The practice of lambing ewe lambs down as yearling hoggets is a specialist production system that demands that key performance indicators are met.

Failure to meet these indicators can lead to a messy situation of potentially higher mortality in lambs and hoggets, poor performance and in the worst-case scenario a batch of female replacements that will potentially have compromised lifetime performance.

Teagasc and the Agri Food and Biosciences Institute (AFBI) have carried out research in this area over the last decade, with the trials from both organisations highlighting similar lessons learned.

The chances of a yearling hogget successfully rearing a lamb each is influenced by their performance during gestation. This is in turn typically dictated by the quality and quantity of feed offered.

Research shows that where ewe lambs lose weight in mid-pregnancy, it can lead to higher mortality

The target daily liveweight gain for sheep during early and mid-pregnancy is in the region of 80g daily. This is in contrast to the advice for mature ewes, where a small reduction in body condition (maximum 5%) in mid-pregnancy is beneficial for placental development.

Keeping ewe lambs on a steady plane of nutrition also meets the demands on their system for growth, maintenance and the developing foetus(es).

AFBI research shows that where ewe lambs lose weight in mid-pregnancy it can lead to higher mortality.

Balanced feeding programme

Feeding needs to be balanced, though, as overfeeding during pregnancy can also have some negative consequences.

The AFBI trial found excessive feeding in early pregnancy is more likely to lead to the birth of over-sized lambs, while over-feeding in mid-pregnancy has been shown to have negative effects on placental development and also possibly reduce a hogget’s maternal instinct at lambing.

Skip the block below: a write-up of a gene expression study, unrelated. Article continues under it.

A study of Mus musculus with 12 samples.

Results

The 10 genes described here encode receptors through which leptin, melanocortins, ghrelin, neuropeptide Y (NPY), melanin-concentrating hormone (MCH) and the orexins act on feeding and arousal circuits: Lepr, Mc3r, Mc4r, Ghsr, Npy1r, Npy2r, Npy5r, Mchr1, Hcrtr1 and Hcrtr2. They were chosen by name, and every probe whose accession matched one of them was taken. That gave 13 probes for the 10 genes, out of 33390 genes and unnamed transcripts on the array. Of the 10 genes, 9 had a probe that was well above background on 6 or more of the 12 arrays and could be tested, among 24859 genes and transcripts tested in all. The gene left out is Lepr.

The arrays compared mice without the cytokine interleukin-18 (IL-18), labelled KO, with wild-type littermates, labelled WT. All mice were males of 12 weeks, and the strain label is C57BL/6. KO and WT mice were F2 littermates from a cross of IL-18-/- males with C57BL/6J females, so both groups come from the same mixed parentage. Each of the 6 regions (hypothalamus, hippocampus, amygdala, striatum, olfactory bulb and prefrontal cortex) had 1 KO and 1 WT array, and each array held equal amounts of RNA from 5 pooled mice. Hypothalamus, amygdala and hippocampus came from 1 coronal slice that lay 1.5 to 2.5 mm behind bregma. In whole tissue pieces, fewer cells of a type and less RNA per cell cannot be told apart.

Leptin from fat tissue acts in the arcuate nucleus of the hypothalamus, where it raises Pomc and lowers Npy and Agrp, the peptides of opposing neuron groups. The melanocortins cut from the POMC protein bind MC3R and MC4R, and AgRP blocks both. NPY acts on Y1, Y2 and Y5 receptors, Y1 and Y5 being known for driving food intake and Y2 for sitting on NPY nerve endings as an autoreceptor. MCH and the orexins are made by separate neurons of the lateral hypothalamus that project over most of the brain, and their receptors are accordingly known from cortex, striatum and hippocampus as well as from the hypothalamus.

The weather in recent weeks has been harder on sheep, with performance limited where sheep were not run on dry ground with sufficient grass supplies.

For the Teagasc trial, ewe lambs were mated in October and early November, sustained on relatively good-quality grass during this period and then housed in mid-December on a diet of high-quality silage with a dry matter digestibility score of 75%.

Concentrate supplementation at a rate of 200g daily was introduced in mid-January. This was carried out to take account of a rising nutritional strain on hoggets as they progressed through gestation.

The level of supplementation was increased to 250g in late January, with sheep transferred to a rising level of supplementation in later pregnancy.

Silage quality

Many sheep farms will have silage or hay of lower quality or prioritise retaining ewe lambs outdoor for longer. As touched on above, the feeding value of grass at this stage of the year and in current weather will be at a low level.

Where grass utilisation is poor and quality is mediocre, then sheep will do well to meet maintenance requirements. As such, introducing a small level of concentrates (200g to 300g) or top-quality silage will help to increase dry matter and energy intake.

Similar levels of supplementation are advised where moderate quality silage (68% to 70% DMD) or good-quality hay is the mainstay of the diet. Animals should be handled at regular intervals to ensure they remain on track, with feeding levels adjusted accordingly if required.

Keeping an eye on the performance of replacement hoggets which are run dry is also important to ensure animals are performing to their potential are capable of meeting weight targets.

Keeping these lambs in ticking along and not allowing them to lose condition will also allow these lambs to be graded in the future if required and drafted for sale when prices are at their strongest.